ANGEL’S INK by Jocelynn Drake is the first book in The Asylum Tales. It tells the story of Gage Powell a tattoo artist with a mysterious past. He’s known as the best skin artist in town, and he’s the person to visit if you want a tattoo with a little something extra. When Gage’s past comes calling and a mysterious customer comes in search of a tattoo, he has no choice but to gamble everything on the slim hope of survival. Everything has a price in Gabe’s world; sometimes the dice are not stacked in your favour but you still have to roll them.
This book is an intriguing beginning to The Asylum Tales. There is a lot going on and Drake does a good job in setting up the trilogy; introducing the world and the characters. For me this book felt a little slow weirdly as there is a lot happening in it. Despite having a slow start, where I found it quite difficult to get into the book, once I did get into the story the pages just flew by until I suddenly found myself at the end. I liked the fact that although this is the first book in a trilogy when I reached the end of it the book felt complete.
The book is narrated in the first person by Gage, which I think works well. Gage is a complicated character, and I think if we weren’t in his head he could be a difficult character to like. The basic plot of this book follows the consequences of some choices Gage has made; most of the choices happened before the book begins, but they have far reaching costs. There are also a couple of hinted at subplots, which I’m hoping Drake will explore in future books. Overall this book serves as an introduction to the world and characters, and it does that well. There are possible hints about what the rest of the trilogy could be about, but for me there’s almost a standalone feel to ANGEL’S INK.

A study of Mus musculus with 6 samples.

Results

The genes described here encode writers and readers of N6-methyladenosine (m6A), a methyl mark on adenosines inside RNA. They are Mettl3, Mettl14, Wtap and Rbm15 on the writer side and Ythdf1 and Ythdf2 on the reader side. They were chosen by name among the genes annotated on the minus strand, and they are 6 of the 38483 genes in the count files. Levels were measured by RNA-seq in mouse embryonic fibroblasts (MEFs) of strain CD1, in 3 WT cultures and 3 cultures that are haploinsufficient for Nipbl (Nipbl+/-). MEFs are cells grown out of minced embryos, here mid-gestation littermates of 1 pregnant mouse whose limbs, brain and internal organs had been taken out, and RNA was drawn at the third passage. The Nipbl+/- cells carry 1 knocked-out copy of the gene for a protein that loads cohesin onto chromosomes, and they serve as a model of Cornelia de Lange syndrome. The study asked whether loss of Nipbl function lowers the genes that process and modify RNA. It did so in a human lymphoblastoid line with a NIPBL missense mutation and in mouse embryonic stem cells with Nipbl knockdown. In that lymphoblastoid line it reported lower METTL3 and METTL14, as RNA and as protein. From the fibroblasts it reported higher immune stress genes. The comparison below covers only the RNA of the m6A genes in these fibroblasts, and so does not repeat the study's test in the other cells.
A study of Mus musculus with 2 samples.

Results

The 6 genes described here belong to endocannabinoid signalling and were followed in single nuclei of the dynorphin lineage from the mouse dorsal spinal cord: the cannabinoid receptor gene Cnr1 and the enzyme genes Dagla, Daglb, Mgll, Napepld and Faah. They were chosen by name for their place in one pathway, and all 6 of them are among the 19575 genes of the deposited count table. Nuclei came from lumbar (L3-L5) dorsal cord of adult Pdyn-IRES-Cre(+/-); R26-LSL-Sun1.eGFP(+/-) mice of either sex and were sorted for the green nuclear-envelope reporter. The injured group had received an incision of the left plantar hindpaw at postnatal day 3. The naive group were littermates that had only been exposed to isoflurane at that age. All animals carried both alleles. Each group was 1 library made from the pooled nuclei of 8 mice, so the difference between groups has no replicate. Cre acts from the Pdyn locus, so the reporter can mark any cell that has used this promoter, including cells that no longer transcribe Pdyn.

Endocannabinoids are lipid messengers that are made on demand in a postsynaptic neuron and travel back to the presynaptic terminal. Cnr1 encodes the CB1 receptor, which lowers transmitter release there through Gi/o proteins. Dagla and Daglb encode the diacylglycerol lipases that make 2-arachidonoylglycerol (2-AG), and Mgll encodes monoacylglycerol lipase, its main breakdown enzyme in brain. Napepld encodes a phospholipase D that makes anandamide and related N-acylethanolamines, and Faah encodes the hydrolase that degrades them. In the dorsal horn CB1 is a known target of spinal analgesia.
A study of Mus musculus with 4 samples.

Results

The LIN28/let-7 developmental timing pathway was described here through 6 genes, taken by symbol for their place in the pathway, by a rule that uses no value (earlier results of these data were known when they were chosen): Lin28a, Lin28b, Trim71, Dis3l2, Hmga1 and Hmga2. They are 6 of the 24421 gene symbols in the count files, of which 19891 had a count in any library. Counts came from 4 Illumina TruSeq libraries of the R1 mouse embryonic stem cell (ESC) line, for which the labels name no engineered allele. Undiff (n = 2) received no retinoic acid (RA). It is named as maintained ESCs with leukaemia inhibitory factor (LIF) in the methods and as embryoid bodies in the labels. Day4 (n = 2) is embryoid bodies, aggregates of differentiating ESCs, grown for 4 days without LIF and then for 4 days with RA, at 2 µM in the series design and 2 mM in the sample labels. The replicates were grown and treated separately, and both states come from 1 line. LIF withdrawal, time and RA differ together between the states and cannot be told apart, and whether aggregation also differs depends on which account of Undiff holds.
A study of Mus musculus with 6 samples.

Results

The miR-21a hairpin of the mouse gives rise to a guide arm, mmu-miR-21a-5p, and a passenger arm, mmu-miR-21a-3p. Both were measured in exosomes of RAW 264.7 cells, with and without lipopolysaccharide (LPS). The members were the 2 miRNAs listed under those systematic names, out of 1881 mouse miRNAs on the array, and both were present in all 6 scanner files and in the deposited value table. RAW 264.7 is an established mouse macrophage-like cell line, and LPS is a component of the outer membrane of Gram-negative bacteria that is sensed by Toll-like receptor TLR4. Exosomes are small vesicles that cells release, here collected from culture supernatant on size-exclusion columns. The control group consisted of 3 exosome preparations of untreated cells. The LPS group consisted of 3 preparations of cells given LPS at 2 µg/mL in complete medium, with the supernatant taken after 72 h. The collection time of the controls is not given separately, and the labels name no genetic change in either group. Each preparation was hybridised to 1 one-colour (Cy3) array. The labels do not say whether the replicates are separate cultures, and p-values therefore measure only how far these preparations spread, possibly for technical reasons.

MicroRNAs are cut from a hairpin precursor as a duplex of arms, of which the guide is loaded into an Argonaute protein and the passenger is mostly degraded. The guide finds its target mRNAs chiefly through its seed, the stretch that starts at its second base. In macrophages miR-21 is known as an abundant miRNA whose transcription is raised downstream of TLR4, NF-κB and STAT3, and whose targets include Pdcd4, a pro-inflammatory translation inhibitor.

As the narrator, Gage is of course the main character of the novel. Drake also provides a couple of secondary main characters in the form of Gage’s friends Trixie and Bronx, who seem interesting but quite often get pushed aside by Gage. They do have quite a bit of page time, but I found it frustrating that Gage seemed incapable of asking for help. Drake also does a reasonable job with the secondary characters that Gage meets, though some of them came across a bit flat.
Overall I think ANGEL’S INK is a good solid read for anyone who likes the urban fantasy genre. Drake creates an interesting world with a complicated main character. Also there aren’t a lot of sex scenes, so if you’re looking for an adult urban fantasy that’s low on them then you might want to give this book a try. Although I did not love this book, I honestly quite enjoyed it and am looking forward to exploring more of the world in the future.
Originally posted on The Flutterby Room.